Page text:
Our mission is to provide a safe and nurturing environment for animals that have been used in the lab research field. We will make every attempt to find loving homes for the animals that are suitable for re-homing. Those that aren’t, will live out the remainder of their lives at our sanctuary where they can roam free of cages and receive the best care possible. We will educate the public about lab research animals: how many are used, the species that are used, how they are housed, how they are treated and experiments they are used for. This is in an attempt to hopefully decrease the number of animals used in research and improve the overall conditions the animals live in and how they are treated.
About Founder Peggy Munsey
Peggy Munsey grew up in the wilderness of Kodiak Island, Alaska, surrounded by wildlife.
“We often had wild animals such as fox, deer, raccoons and the occasional bear hanging around camp,” Peggy says. “My father instilled in me a love for these creatures and a deep respect for them as well. I always knew I would work with animals in some capacity when I grew up.”
After 12 years of working as a registered nurse, Peggy opened a dog boarding kennel called Country Livin’ Kennels in Philomath, Oregon.
“That has been, and still is a very fun and satisfying way to work with animals,” Peggy says about the kennel. “However, I’ve always felt I needed to find a way to really help animals in need.”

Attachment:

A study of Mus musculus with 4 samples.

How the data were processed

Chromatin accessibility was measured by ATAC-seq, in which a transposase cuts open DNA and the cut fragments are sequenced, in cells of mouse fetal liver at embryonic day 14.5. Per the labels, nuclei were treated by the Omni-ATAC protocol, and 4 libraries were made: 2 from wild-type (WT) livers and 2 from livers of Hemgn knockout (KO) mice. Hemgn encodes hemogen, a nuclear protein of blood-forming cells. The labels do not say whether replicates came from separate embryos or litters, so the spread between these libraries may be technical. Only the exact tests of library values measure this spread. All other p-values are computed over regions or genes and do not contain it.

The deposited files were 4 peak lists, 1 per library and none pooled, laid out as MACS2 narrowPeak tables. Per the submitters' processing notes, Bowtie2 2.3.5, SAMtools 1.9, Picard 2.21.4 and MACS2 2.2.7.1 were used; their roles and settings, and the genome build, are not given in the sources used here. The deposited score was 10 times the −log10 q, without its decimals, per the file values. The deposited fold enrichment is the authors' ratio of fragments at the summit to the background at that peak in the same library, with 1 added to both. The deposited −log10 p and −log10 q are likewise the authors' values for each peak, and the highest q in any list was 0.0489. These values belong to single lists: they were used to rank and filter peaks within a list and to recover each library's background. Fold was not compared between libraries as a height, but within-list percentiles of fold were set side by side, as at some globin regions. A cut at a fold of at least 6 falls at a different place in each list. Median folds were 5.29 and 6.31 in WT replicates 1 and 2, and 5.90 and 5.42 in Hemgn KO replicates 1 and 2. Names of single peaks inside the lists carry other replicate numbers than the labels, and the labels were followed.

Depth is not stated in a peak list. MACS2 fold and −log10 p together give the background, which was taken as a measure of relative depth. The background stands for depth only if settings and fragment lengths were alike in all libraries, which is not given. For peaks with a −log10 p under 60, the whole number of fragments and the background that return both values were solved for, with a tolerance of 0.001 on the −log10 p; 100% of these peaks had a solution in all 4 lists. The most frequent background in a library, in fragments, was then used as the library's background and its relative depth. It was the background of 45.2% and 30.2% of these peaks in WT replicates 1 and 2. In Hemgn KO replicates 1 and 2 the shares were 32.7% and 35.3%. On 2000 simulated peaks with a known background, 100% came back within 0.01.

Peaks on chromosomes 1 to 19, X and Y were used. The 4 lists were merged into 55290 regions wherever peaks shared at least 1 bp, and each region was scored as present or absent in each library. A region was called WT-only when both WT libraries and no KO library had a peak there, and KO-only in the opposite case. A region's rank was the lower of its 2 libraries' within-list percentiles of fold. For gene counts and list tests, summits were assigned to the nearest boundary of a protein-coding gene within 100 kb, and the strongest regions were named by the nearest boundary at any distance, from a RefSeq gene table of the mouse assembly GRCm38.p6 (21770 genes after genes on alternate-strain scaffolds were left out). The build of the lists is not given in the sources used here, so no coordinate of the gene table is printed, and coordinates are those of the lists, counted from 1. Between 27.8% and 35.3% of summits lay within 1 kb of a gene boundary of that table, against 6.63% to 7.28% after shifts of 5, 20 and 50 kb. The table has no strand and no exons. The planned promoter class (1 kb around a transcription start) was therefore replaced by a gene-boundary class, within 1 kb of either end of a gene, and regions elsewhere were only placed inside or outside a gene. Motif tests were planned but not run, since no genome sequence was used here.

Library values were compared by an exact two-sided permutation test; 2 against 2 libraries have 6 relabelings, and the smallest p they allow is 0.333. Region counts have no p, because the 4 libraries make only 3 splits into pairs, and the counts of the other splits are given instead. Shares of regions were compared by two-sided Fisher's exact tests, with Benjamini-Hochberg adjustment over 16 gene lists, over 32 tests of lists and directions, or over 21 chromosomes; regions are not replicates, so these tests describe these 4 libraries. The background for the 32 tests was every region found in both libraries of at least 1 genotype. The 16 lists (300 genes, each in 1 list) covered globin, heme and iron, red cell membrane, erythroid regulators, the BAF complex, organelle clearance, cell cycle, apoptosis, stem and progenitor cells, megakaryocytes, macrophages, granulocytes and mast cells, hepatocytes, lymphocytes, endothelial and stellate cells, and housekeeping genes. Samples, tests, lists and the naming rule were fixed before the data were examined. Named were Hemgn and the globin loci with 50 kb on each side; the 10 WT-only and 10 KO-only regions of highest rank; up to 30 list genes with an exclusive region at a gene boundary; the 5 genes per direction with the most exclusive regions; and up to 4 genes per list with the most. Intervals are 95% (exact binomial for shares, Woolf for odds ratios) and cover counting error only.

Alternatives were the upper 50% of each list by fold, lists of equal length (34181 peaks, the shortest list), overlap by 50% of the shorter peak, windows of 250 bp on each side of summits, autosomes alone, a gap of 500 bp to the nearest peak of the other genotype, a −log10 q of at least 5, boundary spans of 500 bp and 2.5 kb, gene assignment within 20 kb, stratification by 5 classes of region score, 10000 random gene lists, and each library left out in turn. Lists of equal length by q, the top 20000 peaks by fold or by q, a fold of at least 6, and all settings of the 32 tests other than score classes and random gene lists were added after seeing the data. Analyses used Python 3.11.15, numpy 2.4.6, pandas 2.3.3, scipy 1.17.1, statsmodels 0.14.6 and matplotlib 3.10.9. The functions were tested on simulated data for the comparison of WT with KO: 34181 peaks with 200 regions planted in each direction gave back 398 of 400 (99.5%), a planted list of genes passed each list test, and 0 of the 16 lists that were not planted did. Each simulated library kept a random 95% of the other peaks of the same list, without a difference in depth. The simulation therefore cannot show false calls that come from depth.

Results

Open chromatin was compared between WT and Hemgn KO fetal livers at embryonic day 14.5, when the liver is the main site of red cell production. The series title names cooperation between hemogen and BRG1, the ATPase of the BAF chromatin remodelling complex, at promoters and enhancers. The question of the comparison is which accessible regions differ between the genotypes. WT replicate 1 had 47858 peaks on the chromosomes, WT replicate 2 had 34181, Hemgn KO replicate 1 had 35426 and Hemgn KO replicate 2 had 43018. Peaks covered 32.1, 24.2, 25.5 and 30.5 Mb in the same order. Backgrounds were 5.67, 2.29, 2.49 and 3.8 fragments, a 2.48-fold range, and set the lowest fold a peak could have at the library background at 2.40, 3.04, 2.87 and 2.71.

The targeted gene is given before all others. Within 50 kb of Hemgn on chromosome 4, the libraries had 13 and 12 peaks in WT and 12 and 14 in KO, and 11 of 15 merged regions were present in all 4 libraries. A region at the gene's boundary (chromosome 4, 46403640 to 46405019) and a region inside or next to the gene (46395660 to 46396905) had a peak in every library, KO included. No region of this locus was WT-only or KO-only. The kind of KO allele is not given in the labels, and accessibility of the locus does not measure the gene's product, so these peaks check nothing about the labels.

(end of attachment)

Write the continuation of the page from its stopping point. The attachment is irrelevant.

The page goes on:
After volunteering at Best Friends Animal Society in Utah several times, Peggy began to feel compelled to start a sanctuary in Oregon. She began learning about research labs and their use of chimpanzees and other animals in terrible, traumatic experiments.
“I couldn’t shake the feeling that I had to do something,” Peggy says. “My first thought was to build a chimpanzee sanctuary, especially now that the majority of chimpanzees are finally being ‘retired’ from laboratory use and being sent to sanctuaries. However, I have no experience caring for chimpanzees, nor the funding necessary to build an appropriate facility for their needs. Though my long-term goal is still to have a chimpanzee sanctuary, my immediate goal is to establish a sanctuary for other species used in lab research.”
Munsey’s Mission currently is able to take in rabbits, cats, dogs, pigs, goats or horses on the Munsey family’s 11-acre property.